Intuit releases a new product today: Quicken Online, a web-based version of its popular personal finance software. I’m a long-time Quicken user, so when Jodi and Jim from Intuit offered to give me a preview of this product’s features, I jumped at the chance. Please note: I haven’t actually used Quicken Online myself yet, and I am not being compensated for this preview. (15 Feb 2008: I have joined a Quicken Online affiliate program — if you sign up by following one of my links, I earn a small commission.)
Geared toward new users
Jim began our interview by emphasizing that Quicken Online is different from the desktop version. “Quicken Online is targeted toward non-consumers of personal finance products,” he said. “There’s a large segment of people who do nothing around personal finance. About 41% of Americans live paycheck-to-paycheck. Quicken desktop products are for people who know they want to be better, and are willing to seek out help. Young consumers aren’t willing to do that, but they still have personal finance needs.”
Quicken Online’s basic philosophy is to take as much work as possible out of tracking your money. The software “learns on the fly” — when you categorize or rename a transaction, it remembers this for the future. It also learns from other Quicken Online users.
Like other online personal finance software, to use Quicken Online you must supply the username and password for each financial institution you want to track. Quicken Online connects to the accounts, and then aggregates all your financial information into one place. (Intuit does this all “in-house” — it doesn’t sub-contract aggregation to Yodlee or CashEdge.)
Quicken Online in action
Once Quicken Online is set up, it auto-updates with information from your savings accounts and banks every day. The software will assign categories based on past experience, though you’re free to change these at any time. As you’d expect, Quicken Online lets you run a number of reports. For example, you can get a quick snapshot of how you’re spending your money:
The program tries to encourage good personal finance by showing whether you’re living within your means:
Quicken Online offers a sort of social network for support. “From within any screen in the product, you can bring up Live Community,” Jim told me. “You can see questions and answers from other users and from support staff.”
The software automatically maintains two account balances for the user: the balance according to the bank, and the “real balance”. Most of us have learned that there are inevitable lags between when we write checks or submit electronic transactions, and when these events are reflected at the bank. The bank doesn’t always really know how much money we have. Quicken Online displays the bank balance, but it also tracks the “real balance”, the actual amount of money you have available. This is a Good Thing — I’ve heard too many horror stories from people who use their bank balance to plan their spending and end up overdrawn because of it.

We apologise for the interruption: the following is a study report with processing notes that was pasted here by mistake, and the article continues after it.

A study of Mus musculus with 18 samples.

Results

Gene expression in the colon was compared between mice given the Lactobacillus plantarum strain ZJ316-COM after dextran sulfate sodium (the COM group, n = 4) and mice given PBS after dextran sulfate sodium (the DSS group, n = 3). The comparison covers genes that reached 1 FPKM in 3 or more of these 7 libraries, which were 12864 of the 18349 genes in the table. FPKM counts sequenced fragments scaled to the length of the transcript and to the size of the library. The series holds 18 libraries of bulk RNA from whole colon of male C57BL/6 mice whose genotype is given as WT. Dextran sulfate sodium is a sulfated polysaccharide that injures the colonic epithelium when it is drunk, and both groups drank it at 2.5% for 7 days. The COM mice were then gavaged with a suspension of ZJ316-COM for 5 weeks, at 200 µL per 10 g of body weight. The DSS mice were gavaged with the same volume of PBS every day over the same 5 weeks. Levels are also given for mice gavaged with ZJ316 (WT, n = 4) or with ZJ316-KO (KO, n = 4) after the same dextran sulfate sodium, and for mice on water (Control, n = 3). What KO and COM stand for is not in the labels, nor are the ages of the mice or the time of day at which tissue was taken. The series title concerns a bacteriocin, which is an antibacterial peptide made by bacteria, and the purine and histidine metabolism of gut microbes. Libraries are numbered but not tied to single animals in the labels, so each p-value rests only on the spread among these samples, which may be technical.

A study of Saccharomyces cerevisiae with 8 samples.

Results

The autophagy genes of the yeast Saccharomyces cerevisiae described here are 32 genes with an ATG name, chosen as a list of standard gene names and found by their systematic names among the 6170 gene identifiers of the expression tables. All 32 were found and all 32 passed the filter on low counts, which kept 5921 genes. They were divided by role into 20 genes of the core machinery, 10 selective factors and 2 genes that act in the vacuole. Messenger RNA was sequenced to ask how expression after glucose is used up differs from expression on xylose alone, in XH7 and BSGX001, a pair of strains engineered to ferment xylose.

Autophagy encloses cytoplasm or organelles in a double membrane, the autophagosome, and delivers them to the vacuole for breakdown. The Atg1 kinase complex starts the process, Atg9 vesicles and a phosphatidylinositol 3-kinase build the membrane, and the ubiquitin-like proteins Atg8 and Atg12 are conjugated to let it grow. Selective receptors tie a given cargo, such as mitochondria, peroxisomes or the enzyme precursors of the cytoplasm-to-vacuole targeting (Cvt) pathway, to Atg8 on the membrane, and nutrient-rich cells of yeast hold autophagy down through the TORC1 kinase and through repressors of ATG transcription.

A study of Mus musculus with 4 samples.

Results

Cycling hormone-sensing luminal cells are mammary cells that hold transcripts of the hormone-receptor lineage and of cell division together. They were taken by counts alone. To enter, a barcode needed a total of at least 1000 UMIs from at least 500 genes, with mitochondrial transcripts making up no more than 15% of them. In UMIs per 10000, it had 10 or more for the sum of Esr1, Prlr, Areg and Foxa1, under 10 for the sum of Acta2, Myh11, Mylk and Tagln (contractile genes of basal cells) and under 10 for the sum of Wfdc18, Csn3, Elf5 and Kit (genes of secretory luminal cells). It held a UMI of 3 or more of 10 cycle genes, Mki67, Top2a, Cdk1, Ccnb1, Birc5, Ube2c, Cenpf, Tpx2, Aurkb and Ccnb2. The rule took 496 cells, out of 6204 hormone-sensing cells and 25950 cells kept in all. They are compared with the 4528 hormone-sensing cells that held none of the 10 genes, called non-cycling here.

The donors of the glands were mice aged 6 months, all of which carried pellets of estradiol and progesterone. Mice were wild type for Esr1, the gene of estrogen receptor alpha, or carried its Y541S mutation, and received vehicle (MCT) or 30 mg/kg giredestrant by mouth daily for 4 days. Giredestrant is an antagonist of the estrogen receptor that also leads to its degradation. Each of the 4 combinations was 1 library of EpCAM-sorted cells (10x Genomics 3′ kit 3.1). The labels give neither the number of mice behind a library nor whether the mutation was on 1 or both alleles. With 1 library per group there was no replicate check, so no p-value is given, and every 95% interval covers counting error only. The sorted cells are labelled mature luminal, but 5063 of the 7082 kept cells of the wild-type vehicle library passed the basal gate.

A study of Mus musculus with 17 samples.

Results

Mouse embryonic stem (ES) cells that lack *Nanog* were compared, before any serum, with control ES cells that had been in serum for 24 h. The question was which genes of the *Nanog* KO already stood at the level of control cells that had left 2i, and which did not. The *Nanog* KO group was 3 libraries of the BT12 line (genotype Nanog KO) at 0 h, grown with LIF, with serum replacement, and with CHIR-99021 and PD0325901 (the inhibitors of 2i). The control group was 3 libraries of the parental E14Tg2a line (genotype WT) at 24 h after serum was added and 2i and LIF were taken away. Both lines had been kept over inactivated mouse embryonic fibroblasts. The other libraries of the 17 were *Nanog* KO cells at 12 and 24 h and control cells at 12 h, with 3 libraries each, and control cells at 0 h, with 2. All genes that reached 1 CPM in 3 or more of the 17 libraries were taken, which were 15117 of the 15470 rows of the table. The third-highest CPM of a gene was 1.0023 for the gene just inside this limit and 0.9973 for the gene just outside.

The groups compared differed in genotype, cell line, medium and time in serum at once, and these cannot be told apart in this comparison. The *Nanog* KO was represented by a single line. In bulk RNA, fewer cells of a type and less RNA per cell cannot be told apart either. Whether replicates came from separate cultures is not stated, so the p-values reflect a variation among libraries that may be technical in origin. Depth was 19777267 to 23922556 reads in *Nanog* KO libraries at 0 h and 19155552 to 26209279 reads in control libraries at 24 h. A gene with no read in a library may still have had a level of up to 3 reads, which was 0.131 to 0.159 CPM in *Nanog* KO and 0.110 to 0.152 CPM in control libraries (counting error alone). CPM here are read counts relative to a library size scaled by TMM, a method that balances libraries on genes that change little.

Quicken Online is not a complete personal finance solution. Not yet. It doesn’t offer any sort of investment tracking, and its reporting functions are more limited than what existing Quicken users may be accustomed to. Also, certain features we know and love (such as the ability to split transactions) have not yet been implemented. Some of these features are coming in future upgrades, but right now the goal of Quicken Online is to introduce new users to the concept of tracking their money.
Security concerns prevent many people from trying online personal finance software. I asked Jim how Intuit plans to deal with privacy matters. He assured me that user information is safe. Your account information is not retained once you’ve set up Quicken Online. “If somebody were to break in to the servers, they couldn’t get account numbers,” Jim said. “They’d just be able to see how you spent your money.”
Quicken Online is currently offering a 30-day free trial, after which there is a $2.99/month subscription fee.
Assessing the competition
“How is this different than Mint or Wesabe?” I asked. “Why would anyone pay for this when there are free solutions?”
“Good question,” Jim said. “For one, we’re advertising-free. We make money off the monthly fee. Mint makes money by selling you things.” Jim also stressed that Quicken Online has better connectivity. “And it has the best user interface over Mint and Wesabe,” he told me. “There’s better categorization. Once Quicken learns, it’s pretty easy. It’s just a better experience.”
You can use Quicken Online with your iPhone (or other PDA). Intuit also hopes to integrate Quicken Online with TurboTax Online for tax year 2008.
The bottom line
With so many web-based personal finance tools out there, which should you use? Nobody can answer that but yourself. Quicken Online looks like a fine choice, but if you already use Wesabe or Mint (or another program), there’s no need to change. If you don’t yet track your finances on a regular basis, give each of these a try to see which best fits your style.
As for myself, I’m perfectly happy with the desktop version of Quicken.